When you are fighting against criminal charges and hoping to avoid conviction, one of the best ways you can defend yourself is to show you were somewhere else at the time the crime was committed. If you have an alibi, you need to make certain you can introduce evidence of the fact you were elsewhere to the jury. This means you must be aware Nevada law requires you to provide notice to the prosecutor of your intent to claim an alibi before your trial begins.
The requirement that you disclose your intent to declare an alibi witness is one of the many technical details which you need to know about the criminal justice process in the state of Nevada. You cannot afford to make mistakes when it come to the procedural rules, or you could cost yourself your freedom. To ensure no errors happen and that you actually find ways to benefit from procedural rules, you should be represented by LV Criminal Defense.
Our legal team understands in-depth the Nevada criminal procedure rules and we help defendants to comply with timelines and requirements for submitting evidence . Our Las Vegas defense team also works to find ways to make the rules work to a client’s benefit whenever possible. Our vigorous defense strategy aims to undermine the prosecutor’s case against you by applying our knowledge of both criminal law and procedural requirements. Give us a call as soon as possible so we can get started.
Nevada Revised Statute Section 174.233 provides details on the requirements for introducing alibi witnesses as part of your defense. These requirements are in addition to the mandate in N.R.S. 174.234, which imposes a duty on both prosecutors and defendants in criminal cases to exchange written lists of the names and addresses of witnesses at least five judicial days before trial.
Nick Wooldridge has a long track record of representing clients accused of serious federal and state crimes in Nevada.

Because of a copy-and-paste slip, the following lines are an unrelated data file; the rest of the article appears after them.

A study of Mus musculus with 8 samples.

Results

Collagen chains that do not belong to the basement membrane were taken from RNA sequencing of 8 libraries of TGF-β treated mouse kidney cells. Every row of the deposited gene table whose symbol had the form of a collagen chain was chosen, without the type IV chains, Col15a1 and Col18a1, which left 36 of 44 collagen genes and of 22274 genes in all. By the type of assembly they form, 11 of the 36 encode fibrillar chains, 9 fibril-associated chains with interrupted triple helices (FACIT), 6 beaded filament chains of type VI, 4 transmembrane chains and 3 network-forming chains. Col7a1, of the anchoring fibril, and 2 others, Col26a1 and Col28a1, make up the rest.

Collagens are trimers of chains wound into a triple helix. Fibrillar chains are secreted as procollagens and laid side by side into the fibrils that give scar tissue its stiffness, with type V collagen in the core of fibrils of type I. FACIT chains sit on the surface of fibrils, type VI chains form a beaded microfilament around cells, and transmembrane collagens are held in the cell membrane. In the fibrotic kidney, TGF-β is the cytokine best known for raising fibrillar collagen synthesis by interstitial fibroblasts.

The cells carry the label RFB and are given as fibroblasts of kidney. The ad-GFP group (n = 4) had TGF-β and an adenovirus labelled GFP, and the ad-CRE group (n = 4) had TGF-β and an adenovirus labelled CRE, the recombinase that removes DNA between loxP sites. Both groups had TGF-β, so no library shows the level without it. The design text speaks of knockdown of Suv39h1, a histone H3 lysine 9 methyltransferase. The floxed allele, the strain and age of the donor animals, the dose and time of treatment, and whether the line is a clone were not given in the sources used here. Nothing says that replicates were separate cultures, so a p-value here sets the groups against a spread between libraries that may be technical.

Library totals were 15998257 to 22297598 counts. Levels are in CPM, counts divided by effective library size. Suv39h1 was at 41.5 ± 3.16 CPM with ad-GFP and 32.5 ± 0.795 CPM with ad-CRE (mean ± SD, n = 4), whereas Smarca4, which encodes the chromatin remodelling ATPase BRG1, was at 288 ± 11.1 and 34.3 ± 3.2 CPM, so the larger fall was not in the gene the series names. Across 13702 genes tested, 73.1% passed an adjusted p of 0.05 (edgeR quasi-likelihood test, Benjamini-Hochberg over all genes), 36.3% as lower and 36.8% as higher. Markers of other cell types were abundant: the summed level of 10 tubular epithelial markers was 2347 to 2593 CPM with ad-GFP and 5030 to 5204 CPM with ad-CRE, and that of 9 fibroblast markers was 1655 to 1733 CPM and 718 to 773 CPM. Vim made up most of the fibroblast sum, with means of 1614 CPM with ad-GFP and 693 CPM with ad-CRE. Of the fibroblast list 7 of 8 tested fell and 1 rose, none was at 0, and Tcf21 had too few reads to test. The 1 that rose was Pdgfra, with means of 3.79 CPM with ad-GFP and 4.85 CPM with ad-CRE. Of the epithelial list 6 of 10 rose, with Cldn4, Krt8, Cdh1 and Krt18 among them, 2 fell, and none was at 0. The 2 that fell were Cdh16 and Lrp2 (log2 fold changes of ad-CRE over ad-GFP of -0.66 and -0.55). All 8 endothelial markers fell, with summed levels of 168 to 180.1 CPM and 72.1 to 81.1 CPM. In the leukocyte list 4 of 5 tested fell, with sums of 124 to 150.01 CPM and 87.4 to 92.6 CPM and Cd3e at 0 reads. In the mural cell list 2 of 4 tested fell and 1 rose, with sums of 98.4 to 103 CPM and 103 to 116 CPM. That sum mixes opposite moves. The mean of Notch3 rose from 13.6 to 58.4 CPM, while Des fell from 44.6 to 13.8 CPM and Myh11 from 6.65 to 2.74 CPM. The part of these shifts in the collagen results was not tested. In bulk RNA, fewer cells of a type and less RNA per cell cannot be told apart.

The additional requirements specific to alibi witnesses mandate that a defendant has to serve written notice of the intent to offer an alibi as a defense at least 10 days before trial, or to serve written notice of the intent to offer an alibi at another time as the court mandates. The written notice must be served upon the prosecuting attorney. It must contain specific information including details about the place where the defendant claims he was at the time the alleged crime was committed, as well as the names and last known addresses of all witnesses who will be testifying to help establish the alibi.
The prosecuting attorney is also required to serve notice to the defendant either 10 days before trial or as ordered by the court if the prosecutor intends to introduce rebuttal witnesses. The prosecutor has to provide the names and the last known addresses of anyone who will be testifying in order to try to discredit the alibi.
If either the plaintiff or defendant discover the name and/or address of additional witnesses who will give testimony about the defendant’s alibi after the initial written notice has been served, both parties have a continuing duty to disclose this information.
If a defendant does not file and serve a copy to the prosecutor of the notice of intent to present alibi witnesses, the court may exclude all the witness testimony. Likewise, if the prosecutor fails to comply with notice requirements, the court may exclude rebuttal witness testimony.
At LV Criminal Defense, our experienced legal team will help you to determine if presenting an alibi witness is an effective option for defending against charges. We’ll also provide you with assistance in understanding the rules of civil procedure so you can ensure you do not jeopardize any of your defense strategies by making procedural errors. You don’t want to be prevented from having your alibi witness testify because you failed to make the proper disclosures, and we’ll help to make sure that doesn’t happen. Give us a call as soon as possible if you’ve been charged with a crime to get a Las Vegas defense lawyer working to help you fight conviction.